Japanese boy-band Kishidan is under fire for unintentionally offending fans by wearing outfits that resembled Nazi uniforms during an interview that aired on MTV Japan.

The band’s management publically apologized for the gaffe saying: “Although it was not meant to carry any ideological meaning whatsoever, we deeply regret and apologize for the distress it (the costume) caused Simon Wiesenthal Center and all concerned.”

The management wrote the statement in both English and Japanese and published it on Kishidan’s website.

The six members of Kishidan often wear Japanese schoolboy uniforms, but went with a different look for the recent televised interview. The starch uniforms – complete with red armband and iron cross – reminded some of Nazi paraphernalia.

The bad look caught the attention of Jewish human rights group, The Simon Wiesenthal Center, who accused the boy-band of ignorance and callousness towards World War II.

“Generally my experience has been in speaking with young people they don’t necessarily know very much other than that Hitler was a strong leader or that aesthetically this is very striking and interesting,” said Rabbi Abraham Cooper, associate dean of the Center.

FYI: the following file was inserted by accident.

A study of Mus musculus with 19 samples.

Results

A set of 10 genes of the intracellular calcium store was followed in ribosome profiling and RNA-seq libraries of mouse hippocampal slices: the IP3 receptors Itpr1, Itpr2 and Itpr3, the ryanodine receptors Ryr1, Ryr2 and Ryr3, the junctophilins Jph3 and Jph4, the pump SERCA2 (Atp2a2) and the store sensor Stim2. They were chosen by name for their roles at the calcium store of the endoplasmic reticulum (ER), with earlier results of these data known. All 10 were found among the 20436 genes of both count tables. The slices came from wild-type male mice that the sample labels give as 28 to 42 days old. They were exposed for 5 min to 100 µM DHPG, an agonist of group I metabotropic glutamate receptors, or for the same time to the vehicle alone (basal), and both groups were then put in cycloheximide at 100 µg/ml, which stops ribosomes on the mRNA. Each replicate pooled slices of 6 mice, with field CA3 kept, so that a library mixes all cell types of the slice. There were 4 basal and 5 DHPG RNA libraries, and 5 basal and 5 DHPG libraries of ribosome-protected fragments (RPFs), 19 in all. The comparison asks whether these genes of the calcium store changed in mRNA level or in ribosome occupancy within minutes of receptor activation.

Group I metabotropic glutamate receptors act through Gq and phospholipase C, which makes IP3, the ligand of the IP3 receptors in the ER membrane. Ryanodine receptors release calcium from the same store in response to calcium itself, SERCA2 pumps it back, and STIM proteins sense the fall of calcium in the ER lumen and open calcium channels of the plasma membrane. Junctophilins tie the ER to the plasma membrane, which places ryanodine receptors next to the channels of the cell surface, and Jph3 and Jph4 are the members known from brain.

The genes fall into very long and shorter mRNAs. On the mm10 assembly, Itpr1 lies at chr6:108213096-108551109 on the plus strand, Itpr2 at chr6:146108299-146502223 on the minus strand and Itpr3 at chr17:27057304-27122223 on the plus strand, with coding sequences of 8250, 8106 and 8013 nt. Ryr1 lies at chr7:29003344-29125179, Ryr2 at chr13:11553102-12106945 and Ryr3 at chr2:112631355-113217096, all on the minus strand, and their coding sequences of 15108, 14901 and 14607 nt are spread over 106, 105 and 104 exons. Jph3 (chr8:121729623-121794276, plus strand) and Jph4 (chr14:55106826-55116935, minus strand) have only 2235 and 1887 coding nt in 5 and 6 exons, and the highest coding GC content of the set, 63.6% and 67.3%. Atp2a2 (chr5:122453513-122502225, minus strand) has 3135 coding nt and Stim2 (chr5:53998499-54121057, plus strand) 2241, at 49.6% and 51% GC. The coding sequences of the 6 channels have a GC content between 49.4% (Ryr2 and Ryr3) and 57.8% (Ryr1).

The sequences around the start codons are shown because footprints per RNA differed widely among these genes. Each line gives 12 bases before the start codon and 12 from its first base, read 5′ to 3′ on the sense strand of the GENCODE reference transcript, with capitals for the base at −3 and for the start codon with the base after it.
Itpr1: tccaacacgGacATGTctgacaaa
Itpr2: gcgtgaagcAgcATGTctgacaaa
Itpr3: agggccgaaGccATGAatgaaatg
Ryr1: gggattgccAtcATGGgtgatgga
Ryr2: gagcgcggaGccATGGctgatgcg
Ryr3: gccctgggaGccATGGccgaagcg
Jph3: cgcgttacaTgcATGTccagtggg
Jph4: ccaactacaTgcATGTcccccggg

“For a lot of young Japanese they don’t even understand. When these controversies come up their initial reaction is ‘what’s the controversy? What did we do wrong here? What did Nazi Germany do?’”

This is the second time in recent months that the Center has taken issue with Japan over its treatment of Nazi imagery. In December, the Center protested over a Japanese discount chain that was selling Nazi uniforms as ironic party costumes.

In the meantime, MTV Japan has taken down the footage of the interview and issued an apology saying: “We never intended to offend anyone and have taken the footage and related images off the air and off of our website.”